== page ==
U.S. Energy Secretary Jennifer Granholm, who was born in Vancouver, was asked this week whether President Joe Biden’s administration had a position “one way or the other” on Michigan Governor Gretchen Whitmer’s vow to shut down an oil pipeline that delivers more than half of central Canada’s crude supply.

“Yeah, we don’t weigh in on that – and it’s in court right now, so that’s where it sits,” Ms. Granholm told White House reporters on Tuesday. “It will be decided in court.”

That’s it? Not even a polite shout-out to her Canadian “friends” or a line urging the parties to resolve their differences in the best interests of both countries? Forced to pick sides in a dispute that pits the progressive wing of the Democratic Party against his country’s closest ally, Mr. Biden is once again throwing Canada under the bus.

With the Line 5 shutdown order, the U.S. spurns Canada’s energy needs again

Enbridge defies Michigan governor, continues operating Line 5 pipeline as state seeks court order for shutdown

Mr. Biden already re-revoked the permit for the Keystone XL pipeline that Donald Trump had reinstated. He spurned requests to exempt Canadian companies from the Buy American provisions of his US$2-trillion infrastructure plan. And he refused to allow Pfizer to export COVID-19 vaccines manufactured in Michigan to Canada when this country needed them most. He sent us – several weeks later, mind you – some of the U.S.’s stockpiled AstraZeneca shots after it became clear no U.S. state wanted them.

All of this nose-thumbing has been apparently lost on Finance Minister Chrystia Freeland, who this week told the Financial Times: “We have an extremely collaborative relationship with this administration – on everything, including vaccines.”

As if. Canada is bearing the brunt of a progressive takeover of the Democratic Party that has forced Mr. Biden to bow to the will of the likes of Ms. Whitmer, a rising star who is positioning herself to run for president in 2024. The party’s base is now so dominated by uncompromising progressives that anyone thinking of running in the next Democratic presidential primary has no hope without pandering to them.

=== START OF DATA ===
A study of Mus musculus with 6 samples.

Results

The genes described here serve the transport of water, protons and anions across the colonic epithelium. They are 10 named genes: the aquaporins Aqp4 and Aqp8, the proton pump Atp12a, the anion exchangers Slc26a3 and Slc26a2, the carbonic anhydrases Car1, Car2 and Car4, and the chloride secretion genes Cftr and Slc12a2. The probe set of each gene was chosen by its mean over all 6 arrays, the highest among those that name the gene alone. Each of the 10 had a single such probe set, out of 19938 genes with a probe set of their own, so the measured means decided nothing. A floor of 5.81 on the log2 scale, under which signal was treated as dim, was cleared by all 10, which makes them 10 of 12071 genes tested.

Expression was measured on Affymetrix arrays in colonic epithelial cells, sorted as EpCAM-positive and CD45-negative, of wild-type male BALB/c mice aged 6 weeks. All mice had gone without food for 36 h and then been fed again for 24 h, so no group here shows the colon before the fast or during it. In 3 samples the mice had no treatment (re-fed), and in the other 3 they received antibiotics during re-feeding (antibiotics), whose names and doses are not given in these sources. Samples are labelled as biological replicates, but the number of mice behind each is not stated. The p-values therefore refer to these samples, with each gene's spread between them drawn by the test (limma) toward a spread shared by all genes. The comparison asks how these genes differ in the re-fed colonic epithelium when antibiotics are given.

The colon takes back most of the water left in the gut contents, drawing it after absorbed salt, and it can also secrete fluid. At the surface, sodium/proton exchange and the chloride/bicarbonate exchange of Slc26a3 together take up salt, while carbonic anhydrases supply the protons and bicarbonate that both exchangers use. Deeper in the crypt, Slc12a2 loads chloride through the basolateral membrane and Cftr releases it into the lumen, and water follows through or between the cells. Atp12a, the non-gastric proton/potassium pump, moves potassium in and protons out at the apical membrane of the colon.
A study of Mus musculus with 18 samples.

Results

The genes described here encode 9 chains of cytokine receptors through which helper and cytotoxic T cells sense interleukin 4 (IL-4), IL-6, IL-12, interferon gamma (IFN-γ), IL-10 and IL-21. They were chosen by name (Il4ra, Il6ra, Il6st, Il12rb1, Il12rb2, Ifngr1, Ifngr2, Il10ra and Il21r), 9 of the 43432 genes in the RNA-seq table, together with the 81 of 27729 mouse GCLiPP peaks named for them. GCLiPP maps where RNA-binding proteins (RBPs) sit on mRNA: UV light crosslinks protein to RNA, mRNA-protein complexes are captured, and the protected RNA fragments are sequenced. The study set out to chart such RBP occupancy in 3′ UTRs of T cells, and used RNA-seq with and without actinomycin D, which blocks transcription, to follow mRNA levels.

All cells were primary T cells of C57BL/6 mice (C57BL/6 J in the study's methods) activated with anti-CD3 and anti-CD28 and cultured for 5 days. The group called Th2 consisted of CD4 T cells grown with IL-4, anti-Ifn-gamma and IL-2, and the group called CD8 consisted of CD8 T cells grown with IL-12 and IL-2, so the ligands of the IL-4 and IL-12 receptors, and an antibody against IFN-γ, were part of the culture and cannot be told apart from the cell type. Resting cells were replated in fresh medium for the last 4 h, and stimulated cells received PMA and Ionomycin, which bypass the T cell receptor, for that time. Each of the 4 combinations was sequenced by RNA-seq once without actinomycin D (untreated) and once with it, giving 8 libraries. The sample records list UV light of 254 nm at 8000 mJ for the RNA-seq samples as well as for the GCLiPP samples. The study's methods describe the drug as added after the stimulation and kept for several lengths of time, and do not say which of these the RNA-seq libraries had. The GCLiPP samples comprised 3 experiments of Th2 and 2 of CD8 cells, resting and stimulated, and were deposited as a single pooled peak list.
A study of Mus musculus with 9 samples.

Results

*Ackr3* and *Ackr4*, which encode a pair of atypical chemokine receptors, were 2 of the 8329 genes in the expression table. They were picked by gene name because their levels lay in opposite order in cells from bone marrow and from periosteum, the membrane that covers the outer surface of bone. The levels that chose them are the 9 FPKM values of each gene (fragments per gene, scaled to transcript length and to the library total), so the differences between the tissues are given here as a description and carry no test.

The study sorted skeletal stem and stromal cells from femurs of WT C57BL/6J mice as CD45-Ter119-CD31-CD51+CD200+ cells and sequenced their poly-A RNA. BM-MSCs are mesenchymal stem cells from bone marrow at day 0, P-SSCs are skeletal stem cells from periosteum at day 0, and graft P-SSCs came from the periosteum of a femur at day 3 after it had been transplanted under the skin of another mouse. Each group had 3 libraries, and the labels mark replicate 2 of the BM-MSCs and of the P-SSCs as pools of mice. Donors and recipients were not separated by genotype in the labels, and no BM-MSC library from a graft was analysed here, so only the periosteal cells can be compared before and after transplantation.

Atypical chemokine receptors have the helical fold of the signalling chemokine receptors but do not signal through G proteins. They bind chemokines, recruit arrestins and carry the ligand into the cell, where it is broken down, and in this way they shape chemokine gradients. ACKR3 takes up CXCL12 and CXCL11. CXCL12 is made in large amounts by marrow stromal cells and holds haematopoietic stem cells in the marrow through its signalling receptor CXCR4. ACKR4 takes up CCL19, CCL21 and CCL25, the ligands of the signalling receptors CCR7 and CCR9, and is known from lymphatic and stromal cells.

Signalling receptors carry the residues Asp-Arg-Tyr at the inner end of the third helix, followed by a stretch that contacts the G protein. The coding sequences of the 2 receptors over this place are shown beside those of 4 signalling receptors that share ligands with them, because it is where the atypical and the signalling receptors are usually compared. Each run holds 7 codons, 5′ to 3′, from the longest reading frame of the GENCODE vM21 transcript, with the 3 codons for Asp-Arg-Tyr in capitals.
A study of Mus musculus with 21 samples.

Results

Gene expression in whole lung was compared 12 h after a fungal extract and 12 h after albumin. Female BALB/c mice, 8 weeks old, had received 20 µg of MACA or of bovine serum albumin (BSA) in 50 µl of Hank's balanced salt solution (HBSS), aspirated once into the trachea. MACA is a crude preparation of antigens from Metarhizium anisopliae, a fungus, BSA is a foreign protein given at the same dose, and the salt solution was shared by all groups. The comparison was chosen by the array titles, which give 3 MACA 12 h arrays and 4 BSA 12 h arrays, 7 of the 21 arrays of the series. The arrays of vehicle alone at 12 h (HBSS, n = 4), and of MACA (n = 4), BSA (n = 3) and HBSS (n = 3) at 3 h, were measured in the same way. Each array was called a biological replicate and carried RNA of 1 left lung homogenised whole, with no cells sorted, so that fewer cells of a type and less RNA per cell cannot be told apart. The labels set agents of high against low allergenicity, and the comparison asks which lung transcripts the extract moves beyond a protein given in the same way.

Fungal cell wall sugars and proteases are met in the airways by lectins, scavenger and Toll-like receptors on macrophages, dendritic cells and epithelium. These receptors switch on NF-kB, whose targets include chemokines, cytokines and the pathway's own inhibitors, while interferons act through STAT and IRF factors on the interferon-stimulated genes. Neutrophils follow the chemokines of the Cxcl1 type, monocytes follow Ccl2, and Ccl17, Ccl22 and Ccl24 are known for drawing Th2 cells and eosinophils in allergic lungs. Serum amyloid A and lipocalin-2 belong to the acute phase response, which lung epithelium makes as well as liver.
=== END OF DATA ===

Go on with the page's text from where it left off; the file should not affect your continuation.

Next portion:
To be sure, there are legitimate reasons for a Michigan governor to express concerns about Enbridge’s nearly 70-year-old Line 5 pipeline, which runs along the bottom of the Straits of Mackinac between Lake Huron and Lake Michigan toward a terminal in Sarnia, Ont. In 2010, when Ms. Granholm was Michigan’s governor, a separate Enbridge pipeline leaked 3.8 million litres of crude into a tributary of the Kalamazoo River. The Calgary-based company spent US$1.2-billion on a cleanup and paid US$177-million to settle fines and implement additional safety measures. But Enbridge’s name understandably became mud in Michigan.

Still, Line 5′s underwater pipes at the Straits have never leaked, and Ms. Whitmer’s Republican predecessor signed a deal with Enbridge to encase the pipeline in a concrete tunnel, a solution that would all but eliminate the (already slim) risk of a major oil leak. Ms. Whitmer’s refusal to honour that agreement is an act of political grandstanding aimed at impressing climate-change activists who want to choke off the supply of Alberta crude and shut down the oil sands. She is accumulating brownie points on her way to 2024.

Mr. Biden could choose to intervene on the side of reason. Line 5 is covered by a 1977 Canada-U.S. treaty that protects pipelines that run through one country on their way to the other. As a Democratic senator, Mr. Biden voted for the treaty. But his unwillingness to stand up to Ms. Whitmer now is reflection of just how little influence he really has over his own party. Even Democrats see him as a caretaker President. He owes his election to progressives who voted for him even though he was far from their preferred Democratic nominee. Had enough of them stayed home in November, Donald Trump would still be sitting in the White House. Enough said.

Enbridge has filed a suit in U.S. federal court arguing that Ms. Whitmer’s move to revoke its operating permit for the pipeline falls outside state jurisdiction. Prime Minister Justin Trudeau’s government this week filed an amicus brief in support of Enbridge, arguing the “proposed shutdown would cause a massive and potentially permanent disruption to Canada’s economy and energy security.” Unifor president Jerry Dias accused Ms. Whitmer of “recklessly messing with a critical piece of infrastructure that puts thousands of jobs at risk.” U.S. unions came out in support of Line 5.

And all Ms. Granholm had to say was, “Yeah, we don’t weigh in on that”? With friends like these in the White House, Canada might soon start missing Mr. Trump.